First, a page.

Several years ago, researchers developed a wearable medical device that is like a kind of medical tattoo or e-tattoo. These devices could be used to monitor physiology, act as a sensor, or stimulate muscles, for example. Scientists at The University of Texas at Austin have been working on an e-tattoo that acts as a heart monitor, and can continuously provide information about heart health to the wearer. Herat disease is still the leading cause of death around the world, and this device might one day help people catch the signs of heart disease at early stages to prevent poor outcomes. The work has been reported in Advanced Electronic Materials.
"Most heart conditions are not very obvious. The damage is being done in the background and we don't even know it," said lead study author Nanshu Lu, a professor in the Department of Aerospace and Engineering Mechanics. "If we can have continuous, mobile monitoring at home, then we can do early diagnosis and treatment, and if that can be done, 80 percent of heart disease can be prevented."
This latest version of the device is mobile and wireless. It contains circuits and sensors that can easily stretch as the body moves, and is attached to the chest reversibly with medical dressing. The researchers noted that this device is more comfortable for patients compared to other heart monitors that are now in use. It only weighs 2.5 grams (0.08 ounces) and is powered by a penny-sized battery, which gives it a 40 hour working life. Patients can easily change these batteries themselves.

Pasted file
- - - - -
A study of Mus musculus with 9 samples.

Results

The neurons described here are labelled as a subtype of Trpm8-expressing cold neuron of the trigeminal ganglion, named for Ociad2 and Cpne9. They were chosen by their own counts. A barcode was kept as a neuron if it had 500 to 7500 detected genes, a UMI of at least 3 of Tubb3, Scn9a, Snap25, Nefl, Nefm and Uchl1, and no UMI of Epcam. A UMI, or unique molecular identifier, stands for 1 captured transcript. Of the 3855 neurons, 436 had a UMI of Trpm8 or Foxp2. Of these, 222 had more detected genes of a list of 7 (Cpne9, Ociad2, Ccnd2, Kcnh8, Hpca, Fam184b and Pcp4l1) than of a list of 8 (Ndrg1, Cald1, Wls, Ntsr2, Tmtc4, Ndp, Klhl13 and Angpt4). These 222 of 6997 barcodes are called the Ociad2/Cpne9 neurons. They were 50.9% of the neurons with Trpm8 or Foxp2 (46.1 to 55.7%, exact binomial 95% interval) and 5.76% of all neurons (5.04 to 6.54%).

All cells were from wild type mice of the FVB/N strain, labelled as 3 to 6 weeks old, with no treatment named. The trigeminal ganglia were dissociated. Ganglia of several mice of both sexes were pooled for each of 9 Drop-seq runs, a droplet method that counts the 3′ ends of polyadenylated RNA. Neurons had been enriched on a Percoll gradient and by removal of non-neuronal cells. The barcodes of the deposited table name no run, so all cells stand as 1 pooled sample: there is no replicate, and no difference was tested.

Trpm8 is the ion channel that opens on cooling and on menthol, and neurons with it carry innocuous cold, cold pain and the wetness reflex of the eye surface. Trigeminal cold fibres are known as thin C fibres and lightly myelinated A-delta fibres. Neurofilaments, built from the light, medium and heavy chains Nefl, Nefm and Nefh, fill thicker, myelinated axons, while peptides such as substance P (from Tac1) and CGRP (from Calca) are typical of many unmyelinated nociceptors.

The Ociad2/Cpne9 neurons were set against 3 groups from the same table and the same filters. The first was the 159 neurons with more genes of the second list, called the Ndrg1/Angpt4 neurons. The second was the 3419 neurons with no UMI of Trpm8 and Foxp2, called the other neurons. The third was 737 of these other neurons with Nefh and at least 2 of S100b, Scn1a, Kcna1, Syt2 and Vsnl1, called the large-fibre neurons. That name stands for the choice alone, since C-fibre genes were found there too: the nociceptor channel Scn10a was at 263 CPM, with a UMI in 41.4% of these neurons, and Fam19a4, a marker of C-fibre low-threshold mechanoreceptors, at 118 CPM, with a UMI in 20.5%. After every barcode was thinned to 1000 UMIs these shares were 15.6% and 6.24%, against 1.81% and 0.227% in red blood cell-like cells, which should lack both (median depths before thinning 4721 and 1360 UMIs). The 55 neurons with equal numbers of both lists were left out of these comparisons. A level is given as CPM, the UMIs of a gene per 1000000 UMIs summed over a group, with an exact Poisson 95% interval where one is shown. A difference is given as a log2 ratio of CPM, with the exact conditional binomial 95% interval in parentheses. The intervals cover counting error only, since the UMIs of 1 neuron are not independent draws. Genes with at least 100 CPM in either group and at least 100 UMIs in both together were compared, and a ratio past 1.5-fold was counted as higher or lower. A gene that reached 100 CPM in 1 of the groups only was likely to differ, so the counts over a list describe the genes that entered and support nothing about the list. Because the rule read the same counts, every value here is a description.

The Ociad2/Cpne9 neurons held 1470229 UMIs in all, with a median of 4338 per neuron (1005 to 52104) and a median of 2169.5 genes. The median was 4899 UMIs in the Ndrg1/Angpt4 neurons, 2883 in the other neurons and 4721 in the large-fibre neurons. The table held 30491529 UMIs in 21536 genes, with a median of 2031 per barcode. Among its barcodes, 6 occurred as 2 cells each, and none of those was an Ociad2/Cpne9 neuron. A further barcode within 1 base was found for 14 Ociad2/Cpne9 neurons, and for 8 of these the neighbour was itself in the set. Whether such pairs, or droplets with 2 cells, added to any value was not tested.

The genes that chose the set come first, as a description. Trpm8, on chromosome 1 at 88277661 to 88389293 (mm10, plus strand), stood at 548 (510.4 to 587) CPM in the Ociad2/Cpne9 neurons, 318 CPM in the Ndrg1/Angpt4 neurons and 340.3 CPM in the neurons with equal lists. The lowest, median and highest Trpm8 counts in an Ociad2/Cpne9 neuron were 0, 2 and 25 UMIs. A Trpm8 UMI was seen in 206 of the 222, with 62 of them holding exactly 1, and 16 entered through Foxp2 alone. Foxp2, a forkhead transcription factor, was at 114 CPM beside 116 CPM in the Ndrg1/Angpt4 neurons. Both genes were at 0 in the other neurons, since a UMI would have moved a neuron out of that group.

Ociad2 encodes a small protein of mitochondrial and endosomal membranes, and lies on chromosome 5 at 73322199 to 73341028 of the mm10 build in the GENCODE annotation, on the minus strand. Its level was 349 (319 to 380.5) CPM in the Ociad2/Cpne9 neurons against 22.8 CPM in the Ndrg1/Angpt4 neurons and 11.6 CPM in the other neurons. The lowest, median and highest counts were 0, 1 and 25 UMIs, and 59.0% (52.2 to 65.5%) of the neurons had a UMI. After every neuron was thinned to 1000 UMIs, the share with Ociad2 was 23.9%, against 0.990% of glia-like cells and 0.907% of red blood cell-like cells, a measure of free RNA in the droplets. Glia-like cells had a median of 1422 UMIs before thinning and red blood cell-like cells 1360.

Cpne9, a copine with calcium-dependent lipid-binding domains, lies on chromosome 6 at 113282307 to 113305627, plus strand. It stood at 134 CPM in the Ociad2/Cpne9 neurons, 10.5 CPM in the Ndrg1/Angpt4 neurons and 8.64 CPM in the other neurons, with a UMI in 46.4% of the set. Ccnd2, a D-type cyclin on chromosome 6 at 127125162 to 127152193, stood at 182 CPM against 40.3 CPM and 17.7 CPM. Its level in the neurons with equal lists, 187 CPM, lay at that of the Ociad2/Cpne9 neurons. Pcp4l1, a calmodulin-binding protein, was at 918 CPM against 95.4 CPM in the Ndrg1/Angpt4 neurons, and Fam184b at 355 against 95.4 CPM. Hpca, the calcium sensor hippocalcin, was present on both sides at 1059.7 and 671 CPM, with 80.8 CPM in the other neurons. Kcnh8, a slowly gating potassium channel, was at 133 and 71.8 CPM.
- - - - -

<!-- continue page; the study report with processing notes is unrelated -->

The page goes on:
Clinicians can run various tests on patients, but signs of heart disease might be missed because they aren't obvious when a patient is in for a visit. By constantly monitoring heart function, an e-tattoo can provide a far more complete picture of an individual's heart heath status.
The e-tattoo measures the heart in two ways: with an electrocardiogram (ECG) of the heart's electrical signal, and a seismocardiogram (SCG) of the heart valves' acoustics. The SCG can provide the same kind of information that a doctor gets from a stethoscope, and ECG data can be obtained with many mobile devices like Apple watches. But this is the first mobile monitor to capture both ECG and SCG data. Together, they can tell clinicians about cardiac time intervals, which are an indicator of cardiovascular disease.
"Those two measurements, electrical and mechanical, together can provide a much more comprehensive and complete picture of what's happening with the heart," Lu said. "There are many more heart characteristics that could be extracted out of the two synchronously measured signals in a noninvasive manner."
The device has now been tested on five healthy volunteers and was found to have low error rates compared to other devices. Additional testing and validation will be required before it's available to patients, but the researchers have seen success with their efforts so far and we're likely going to hear more about this e-tattoo in the future.